Anonymous calls for PayPal boycott

Hacker group urges users via Twitter to end relationship with payment provider after learning U.S. prosecutors looking to jail 20-year-old for her alleged role in taking PayPal's blog offline last year.

Hacker group Anonymous has struck PayPal again, this time by urging its followers to empty their accounts and stop using the payments provider's services following news that U.S. prosecutors are looking to imprison a university student involved in the denial-of-service attacks on the company's blog last year.

Anonymous, together with LulzSec, issued a press release Wednesday urging PayPal users to close their accounts immediately and consider an alternative. They pointed to PayPal's willingness to "fold to legislation" as proof that it doesn't deserve its customers and the business they give to the payments providers.

"The first step to being truly free is not putting one's trust into a company that freezes accounts when it feels like, or when it is pressured by the U.S. government," the release stated.

Anonymous' call for a boycott follows a Tuesday report by U.S.-based alternative news site, The Raw Story, which stated that 20-year-old University of Nevada journalism student, Mercedes Haefer, faces a jail term of up to 15 years and US$500,000 in fines if she is convicted of hacking charges.

The Federal Bureau of Investigation (FBI) had arrested her last week for allegedly participating in distributed denial-of-service (DDoS) attacks against PayPal's Web site last year as part of the "Operation Payback" campaign, the report noted.

Haefer was arrested along with 15 other alleged suspects in the United States, together with four people in the Netherlands and one in the United Kingdom, ZDNet Asia's sister site CNET News reported last week.

In a tweet on Tuesday referencing The Raw Story's article, Anonymous wrote: "15 years for the Paypal attack? While 80% of rapists are sentenced to 11 years. YOU SERIOUS?"

It followed up with another tweet at 8 a.m. Wednesday morning hinting at possible retaliatory action. "Go on, #FBI and US Government, convict this girl to 15 years of federal prison… while rapists go free. Expect....?"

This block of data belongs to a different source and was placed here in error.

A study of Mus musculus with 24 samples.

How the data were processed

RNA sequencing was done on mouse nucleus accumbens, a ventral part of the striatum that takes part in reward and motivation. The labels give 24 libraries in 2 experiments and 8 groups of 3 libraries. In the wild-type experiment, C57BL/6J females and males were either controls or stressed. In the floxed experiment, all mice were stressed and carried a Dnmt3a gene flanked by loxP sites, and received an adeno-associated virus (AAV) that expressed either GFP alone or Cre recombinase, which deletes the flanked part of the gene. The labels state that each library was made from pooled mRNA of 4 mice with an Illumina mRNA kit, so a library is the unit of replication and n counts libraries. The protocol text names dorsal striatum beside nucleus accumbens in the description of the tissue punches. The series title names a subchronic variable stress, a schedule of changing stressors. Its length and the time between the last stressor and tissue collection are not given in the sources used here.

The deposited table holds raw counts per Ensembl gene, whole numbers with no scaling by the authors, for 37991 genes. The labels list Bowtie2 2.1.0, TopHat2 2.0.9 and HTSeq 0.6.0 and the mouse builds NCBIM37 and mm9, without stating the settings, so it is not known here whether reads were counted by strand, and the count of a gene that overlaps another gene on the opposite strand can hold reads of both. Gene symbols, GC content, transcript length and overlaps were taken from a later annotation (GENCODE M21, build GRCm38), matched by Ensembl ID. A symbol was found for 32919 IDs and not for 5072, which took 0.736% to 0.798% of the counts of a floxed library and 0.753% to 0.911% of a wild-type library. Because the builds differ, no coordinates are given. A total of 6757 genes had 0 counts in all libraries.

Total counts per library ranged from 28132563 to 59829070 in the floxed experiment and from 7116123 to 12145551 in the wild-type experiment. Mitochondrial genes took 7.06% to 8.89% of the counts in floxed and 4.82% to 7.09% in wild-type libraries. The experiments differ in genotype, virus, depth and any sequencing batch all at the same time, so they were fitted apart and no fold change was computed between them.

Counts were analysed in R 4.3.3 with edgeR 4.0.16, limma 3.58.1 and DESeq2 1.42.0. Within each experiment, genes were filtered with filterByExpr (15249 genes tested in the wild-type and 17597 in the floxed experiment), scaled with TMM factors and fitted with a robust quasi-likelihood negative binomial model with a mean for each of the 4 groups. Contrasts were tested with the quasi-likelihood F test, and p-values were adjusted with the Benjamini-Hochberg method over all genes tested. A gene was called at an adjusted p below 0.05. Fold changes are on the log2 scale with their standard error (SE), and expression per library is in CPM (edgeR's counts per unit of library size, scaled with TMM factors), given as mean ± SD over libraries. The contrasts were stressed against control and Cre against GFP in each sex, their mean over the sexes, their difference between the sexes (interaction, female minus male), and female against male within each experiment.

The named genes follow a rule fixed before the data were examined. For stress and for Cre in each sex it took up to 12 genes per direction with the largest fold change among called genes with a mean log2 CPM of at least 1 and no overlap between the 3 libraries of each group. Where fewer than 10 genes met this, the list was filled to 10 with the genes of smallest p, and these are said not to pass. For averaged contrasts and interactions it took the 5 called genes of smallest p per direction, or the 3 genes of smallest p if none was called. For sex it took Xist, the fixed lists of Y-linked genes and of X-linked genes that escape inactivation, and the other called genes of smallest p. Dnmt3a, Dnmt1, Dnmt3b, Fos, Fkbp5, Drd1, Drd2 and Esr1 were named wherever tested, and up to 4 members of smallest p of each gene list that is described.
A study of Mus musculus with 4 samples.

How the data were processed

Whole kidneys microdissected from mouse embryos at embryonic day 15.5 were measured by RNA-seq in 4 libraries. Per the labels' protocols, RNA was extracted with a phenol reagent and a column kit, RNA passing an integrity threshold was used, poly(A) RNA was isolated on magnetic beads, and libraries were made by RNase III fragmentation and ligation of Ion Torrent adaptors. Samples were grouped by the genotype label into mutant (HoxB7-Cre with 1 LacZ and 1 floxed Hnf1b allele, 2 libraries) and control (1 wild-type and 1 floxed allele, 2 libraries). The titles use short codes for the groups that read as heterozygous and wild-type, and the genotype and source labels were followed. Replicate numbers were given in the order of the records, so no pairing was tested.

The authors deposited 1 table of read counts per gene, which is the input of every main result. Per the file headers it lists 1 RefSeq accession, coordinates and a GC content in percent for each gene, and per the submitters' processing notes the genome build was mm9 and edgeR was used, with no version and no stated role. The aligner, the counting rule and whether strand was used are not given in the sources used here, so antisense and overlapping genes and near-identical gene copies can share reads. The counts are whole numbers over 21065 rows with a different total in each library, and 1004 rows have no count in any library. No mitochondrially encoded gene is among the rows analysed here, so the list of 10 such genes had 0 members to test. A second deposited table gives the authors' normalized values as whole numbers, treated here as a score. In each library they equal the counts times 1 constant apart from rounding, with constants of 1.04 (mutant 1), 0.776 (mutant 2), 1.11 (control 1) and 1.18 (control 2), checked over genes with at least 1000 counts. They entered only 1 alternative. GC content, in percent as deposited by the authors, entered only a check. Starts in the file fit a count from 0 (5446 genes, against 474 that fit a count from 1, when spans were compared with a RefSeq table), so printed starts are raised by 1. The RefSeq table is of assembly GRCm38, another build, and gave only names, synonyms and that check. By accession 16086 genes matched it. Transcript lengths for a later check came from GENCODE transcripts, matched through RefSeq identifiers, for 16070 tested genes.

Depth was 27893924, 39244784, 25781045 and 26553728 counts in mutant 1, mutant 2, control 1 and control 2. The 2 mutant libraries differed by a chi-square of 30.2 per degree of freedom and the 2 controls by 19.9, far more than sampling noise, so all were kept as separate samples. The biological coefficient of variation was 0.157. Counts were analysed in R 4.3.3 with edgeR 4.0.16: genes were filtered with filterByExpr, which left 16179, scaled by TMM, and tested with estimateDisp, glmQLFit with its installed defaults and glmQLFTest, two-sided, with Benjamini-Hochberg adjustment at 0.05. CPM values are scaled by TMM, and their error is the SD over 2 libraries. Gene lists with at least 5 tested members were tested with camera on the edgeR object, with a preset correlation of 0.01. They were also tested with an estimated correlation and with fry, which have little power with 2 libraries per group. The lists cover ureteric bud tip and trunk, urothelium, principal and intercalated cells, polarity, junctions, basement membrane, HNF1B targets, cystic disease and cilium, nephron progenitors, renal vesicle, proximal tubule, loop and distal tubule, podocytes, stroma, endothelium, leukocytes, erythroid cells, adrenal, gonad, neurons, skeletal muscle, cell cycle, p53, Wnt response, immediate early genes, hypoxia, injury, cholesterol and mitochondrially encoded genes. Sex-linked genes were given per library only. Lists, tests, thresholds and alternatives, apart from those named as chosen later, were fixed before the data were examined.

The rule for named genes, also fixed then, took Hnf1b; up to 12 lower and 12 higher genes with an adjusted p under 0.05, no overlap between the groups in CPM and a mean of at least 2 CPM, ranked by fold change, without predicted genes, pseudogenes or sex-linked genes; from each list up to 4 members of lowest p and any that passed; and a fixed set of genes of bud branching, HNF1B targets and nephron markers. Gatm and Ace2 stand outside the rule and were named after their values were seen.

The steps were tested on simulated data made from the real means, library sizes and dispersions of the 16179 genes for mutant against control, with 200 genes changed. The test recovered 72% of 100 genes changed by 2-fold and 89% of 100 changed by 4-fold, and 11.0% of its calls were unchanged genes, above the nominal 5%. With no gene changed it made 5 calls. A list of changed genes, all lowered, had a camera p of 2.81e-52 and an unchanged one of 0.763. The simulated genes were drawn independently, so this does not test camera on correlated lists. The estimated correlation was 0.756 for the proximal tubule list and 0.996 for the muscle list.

However, instead of embarking on a hacking spree, it chose to call its followers to boycott PayPal's services instead. Anonymous also created a hashtag, #OpPayPal, for followers to share what they are prepared to do to support Anonymous' cause.

Already, people are responding to Anonymous' call. One user, Pantha85, tweeted: "Account Closed. Mmake you bleed from the only place you care.. your wallet. thanks @YourAnonNews #oppaypal #anonymous".

Another follower, Pacific_Justice, pointed out: "Next reason to join #OpPaypal and cancel your account: they created an illegal financial blockade of #WikiLeaks - a publishing organization".

There is no information on how long the boycott would last, although a tweet at 3.32 p.m. on Wednesday revealed an estimated "few hundred" PayPal accounts have been closed so far.

The Anonymous campaign against PayPal was in retaliation of the company's move to stop providing its payment services to WikiLeaks, which at that time was in the process of leaking more than 250,000 U.S. diplomatic cables.

Besides PayPal, payment providers such as Visa and MasterCard were also targeted by hackers following their decision to stop processing donations to Wikileaks.

Both Visa and MasterCard, however, had appeared to have lifted its financial blockade against Wikileaks, according to a separate CNET News report earlier this month.

PayPal did not respond to requests for a comment on the boycott.